I am having some building work done at home. The builders have boarded up the door leading down from my kitchen into the laundry room. The door itself is still in place but when you open it, it’s blocked. In the laundry room there is a door out to the garden. In the door is a cat flap.
I have two cats. They like to come and go. The only problem is that now they can’t get into the laundry room to access the cat flap.
For the first few days they sat by the door to the laundry room meowing and looking confused and bewildered. I showed them that the door was boarded up and even explained why and that it would be OK in the end – perhaps I am a mad cat lady after all.
Eventually they found they could access the garden via a window or if they ask nicely (!) someone will let them out and back in again. They seem happier and more settled now they know what’s what.
For me, the change has also taken a bit of getting used to. I always seem to be bundling piles of dirty washing into the laundry room and I do it on auto pilot, usually thinking about the next thing I need to do. Consequently, there were a number of times when I opened the door to the laundry, poised to offload the washing, only to run slap bang into the boarding. On more than one occasion this prompted what I will call some “flowery” language on my part !
But now, like my cats, I am used to the new arrangements and all is well on the washing front once more.
Although very different scenarios, I think the way the cats have adjusted to the change in access to their cat flap and I have adapted to the relocation of laundry, is similar to the way I have dealt with stopping drinking.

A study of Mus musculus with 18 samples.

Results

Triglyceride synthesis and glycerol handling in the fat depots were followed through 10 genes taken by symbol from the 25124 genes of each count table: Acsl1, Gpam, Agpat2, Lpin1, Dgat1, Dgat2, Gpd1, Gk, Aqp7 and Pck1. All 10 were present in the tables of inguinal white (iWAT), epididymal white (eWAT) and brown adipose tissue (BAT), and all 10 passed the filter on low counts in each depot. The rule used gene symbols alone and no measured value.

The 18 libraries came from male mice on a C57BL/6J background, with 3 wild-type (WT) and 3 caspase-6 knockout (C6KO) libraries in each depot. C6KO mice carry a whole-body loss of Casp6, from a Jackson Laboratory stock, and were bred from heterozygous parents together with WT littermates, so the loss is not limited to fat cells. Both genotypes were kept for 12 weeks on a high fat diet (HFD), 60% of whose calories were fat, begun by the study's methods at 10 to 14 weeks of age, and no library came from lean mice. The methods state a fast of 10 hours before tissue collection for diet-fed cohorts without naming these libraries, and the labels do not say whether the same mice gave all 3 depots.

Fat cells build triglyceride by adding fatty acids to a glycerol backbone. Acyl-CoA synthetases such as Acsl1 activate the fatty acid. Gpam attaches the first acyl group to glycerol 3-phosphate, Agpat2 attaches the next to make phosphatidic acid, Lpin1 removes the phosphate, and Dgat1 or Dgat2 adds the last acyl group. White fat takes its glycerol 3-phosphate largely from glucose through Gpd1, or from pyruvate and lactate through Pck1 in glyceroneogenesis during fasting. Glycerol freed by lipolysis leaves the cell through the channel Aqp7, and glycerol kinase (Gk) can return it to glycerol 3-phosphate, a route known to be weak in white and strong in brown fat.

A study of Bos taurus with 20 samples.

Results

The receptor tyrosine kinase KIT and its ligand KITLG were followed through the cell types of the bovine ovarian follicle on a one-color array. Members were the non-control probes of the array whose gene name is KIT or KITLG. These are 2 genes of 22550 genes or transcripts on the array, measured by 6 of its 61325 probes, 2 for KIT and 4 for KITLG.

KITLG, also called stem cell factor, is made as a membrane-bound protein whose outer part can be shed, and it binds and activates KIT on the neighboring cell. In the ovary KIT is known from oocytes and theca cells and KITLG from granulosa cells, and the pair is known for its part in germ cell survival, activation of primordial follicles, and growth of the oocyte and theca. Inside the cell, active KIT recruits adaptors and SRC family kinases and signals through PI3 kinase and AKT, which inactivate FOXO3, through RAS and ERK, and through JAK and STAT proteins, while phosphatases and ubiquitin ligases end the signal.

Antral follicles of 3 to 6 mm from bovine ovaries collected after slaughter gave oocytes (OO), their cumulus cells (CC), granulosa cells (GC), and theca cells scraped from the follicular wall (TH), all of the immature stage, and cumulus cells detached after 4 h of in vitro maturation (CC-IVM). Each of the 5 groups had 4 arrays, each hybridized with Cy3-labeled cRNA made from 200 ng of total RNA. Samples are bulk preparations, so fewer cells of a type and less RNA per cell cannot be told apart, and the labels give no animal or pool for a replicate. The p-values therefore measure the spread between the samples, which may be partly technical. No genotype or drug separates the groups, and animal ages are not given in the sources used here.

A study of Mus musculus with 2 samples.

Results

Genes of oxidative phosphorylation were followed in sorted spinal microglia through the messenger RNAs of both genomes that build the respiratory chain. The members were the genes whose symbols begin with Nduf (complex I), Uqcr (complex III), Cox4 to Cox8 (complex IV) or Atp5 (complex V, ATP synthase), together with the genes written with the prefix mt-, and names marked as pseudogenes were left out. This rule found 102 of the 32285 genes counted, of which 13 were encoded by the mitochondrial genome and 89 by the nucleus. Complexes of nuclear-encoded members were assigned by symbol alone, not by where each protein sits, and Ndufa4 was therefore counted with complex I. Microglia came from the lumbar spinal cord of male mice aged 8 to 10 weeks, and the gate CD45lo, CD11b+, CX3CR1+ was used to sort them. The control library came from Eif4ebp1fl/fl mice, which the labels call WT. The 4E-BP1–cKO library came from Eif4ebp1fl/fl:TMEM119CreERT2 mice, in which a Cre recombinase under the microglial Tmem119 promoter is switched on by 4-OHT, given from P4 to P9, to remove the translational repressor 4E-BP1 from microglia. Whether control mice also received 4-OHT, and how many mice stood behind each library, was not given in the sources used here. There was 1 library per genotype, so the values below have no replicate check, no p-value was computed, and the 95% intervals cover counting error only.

In the early stages, like my cats, I felt confused and bewildered. I had all kinds of mixed emotions churning around in my head, accompanied by a vast array of unpleasant physical symptoms which would constantly change. I would go to the fridge and look at where the wine should be, feeling deprived and cross and fed up and sad. But in the same way as my cats have discovered that there are alternative ways of getting into the garden, I have found that there are alternative ways of dealing with all the things I thought alcohol was helping me to cope with. Sleep, exercise, reading, time to myself and time with those I love. Here and there a piece of cake might help too !
The only difference is that when the building work is over, the cats will get their cat flap back and things will go back to how they were before. I am still building my sobriety. I have strong foundations in place. Now I am working on the walls and later I will build a roof. My sobriety needs to withstand earthquakes, lightning, floods and fire. I am not going back to how things were before.